What’s old is new again. Over the past several years, anthology TV shows – shows that feature different characters or different plotlines from season to season – have seen a resurgence, racking up Emmy Awards and Golden Globes.
The format has a long history in entertainment. “The Twilight Zone” and “Alfred Hitchcock Presents” are classics from the height of the anthology era in the 1950s; each episode featured a separate and complete story. Today’s anthologies stretch the story arc over an entire season, and the versatility of the format is bringing new life to programming weary of reality shows and predictable family comedies. They are also drawing from a wider pool of talent. A-list actors, such as Matthew McConaughey, who starred in Season 1 of “True Detective” (HBO), and Martin Freeman, who appeared in “Fargo” (FX), might be more likely to sign on for a limited number of episodes rather than commit to multiple seasons.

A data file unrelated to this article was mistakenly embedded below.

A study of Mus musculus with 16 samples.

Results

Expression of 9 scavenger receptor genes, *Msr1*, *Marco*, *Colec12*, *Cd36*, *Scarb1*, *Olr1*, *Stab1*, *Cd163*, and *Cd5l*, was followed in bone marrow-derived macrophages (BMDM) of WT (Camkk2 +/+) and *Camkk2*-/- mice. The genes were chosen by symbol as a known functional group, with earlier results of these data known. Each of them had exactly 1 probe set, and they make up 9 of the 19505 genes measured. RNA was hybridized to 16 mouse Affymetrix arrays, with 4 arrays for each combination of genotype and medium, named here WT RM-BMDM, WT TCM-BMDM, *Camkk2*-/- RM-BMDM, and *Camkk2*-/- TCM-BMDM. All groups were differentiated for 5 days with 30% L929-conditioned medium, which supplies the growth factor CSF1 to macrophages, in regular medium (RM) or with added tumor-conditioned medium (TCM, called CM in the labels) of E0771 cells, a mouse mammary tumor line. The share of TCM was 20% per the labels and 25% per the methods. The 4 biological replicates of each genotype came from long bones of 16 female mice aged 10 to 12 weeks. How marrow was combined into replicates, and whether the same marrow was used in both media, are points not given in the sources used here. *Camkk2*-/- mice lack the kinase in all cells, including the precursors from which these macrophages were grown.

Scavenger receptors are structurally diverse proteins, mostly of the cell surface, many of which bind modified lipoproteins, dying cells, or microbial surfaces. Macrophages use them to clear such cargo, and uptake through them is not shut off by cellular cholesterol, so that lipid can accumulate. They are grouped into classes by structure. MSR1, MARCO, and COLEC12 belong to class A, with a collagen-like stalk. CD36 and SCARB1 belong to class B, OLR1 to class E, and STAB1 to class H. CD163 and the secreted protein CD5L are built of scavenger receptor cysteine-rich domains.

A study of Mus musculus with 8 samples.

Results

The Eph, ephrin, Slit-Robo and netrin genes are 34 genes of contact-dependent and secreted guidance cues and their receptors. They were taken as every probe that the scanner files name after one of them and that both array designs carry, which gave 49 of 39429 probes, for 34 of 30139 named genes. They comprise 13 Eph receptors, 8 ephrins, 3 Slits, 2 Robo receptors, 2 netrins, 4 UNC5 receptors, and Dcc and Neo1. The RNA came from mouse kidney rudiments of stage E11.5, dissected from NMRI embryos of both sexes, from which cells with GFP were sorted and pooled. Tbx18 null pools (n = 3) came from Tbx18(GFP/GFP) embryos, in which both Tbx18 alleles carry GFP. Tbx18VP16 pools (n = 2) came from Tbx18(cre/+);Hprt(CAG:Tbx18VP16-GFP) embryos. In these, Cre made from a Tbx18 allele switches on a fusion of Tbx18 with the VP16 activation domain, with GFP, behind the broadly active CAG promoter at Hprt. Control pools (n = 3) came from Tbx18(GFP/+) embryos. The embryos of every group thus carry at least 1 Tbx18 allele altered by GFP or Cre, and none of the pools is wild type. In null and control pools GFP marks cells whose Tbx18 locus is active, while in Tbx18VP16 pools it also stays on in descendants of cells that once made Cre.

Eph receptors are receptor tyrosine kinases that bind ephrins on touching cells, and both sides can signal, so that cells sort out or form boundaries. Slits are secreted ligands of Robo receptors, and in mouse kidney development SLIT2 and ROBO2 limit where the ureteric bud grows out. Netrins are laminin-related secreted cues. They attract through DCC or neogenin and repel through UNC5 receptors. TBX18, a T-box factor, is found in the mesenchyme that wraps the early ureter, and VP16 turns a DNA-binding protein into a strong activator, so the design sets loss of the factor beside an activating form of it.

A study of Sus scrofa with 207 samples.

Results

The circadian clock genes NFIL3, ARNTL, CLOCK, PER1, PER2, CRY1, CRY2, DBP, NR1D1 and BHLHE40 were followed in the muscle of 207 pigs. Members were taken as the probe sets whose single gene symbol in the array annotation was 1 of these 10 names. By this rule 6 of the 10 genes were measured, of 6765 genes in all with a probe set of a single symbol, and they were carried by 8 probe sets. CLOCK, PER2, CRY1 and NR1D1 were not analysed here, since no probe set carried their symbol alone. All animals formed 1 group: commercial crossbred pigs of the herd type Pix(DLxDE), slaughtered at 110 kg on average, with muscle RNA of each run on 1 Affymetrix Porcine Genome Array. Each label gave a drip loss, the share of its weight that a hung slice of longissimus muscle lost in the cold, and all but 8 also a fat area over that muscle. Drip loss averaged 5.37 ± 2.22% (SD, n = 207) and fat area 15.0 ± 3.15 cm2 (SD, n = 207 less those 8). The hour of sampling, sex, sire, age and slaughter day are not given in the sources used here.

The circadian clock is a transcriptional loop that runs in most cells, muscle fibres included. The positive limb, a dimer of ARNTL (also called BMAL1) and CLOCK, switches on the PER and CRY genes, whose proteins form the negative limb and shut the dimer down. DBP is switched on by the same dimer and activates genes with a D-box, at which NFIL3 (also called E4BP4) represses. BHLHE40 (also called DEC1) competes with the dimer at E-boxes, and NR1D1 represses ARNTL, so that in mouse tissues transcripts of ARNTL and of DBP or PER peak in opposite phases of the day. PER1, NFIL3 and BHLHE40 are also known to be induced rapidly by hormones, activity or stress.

In addition, “you don’t have to keep [story lines] going forever,” says Robert Thompson, director of the Bleier Center for Television & Popular Culture at Syracuse University’s Newhouse School. Take ABC’s “Lost,” which earned criticism among viewers for going on too long and never resolving crucial mysteries. “[The anthology approach] allows you to do these stories with beginnings, middles, and ends” within one season, he says.
There is no one way to develop an anthology, and the creativity is proving to keep viewers’ interest. For instance, Season 2 of “Fargo” time travels to the 1970s. On “American Horror Story” (FX), returning actors play different characters.
But anthologies that take too many storytelling risks can present their own challenges. Fans of “True Detective” loudly protested their dissatisfaction with the confusing plotline of Season 2. Mr. Thompson points to “American Horror Story” as a sterling example of the genre. “[It] has a continuity of style and feel,” he says.
Season 2 of “True Detective” has wrapped up. “American Horror Story” Season 5 begins Oct. 7, and “Fargo” Season 2 begins Oct. 12.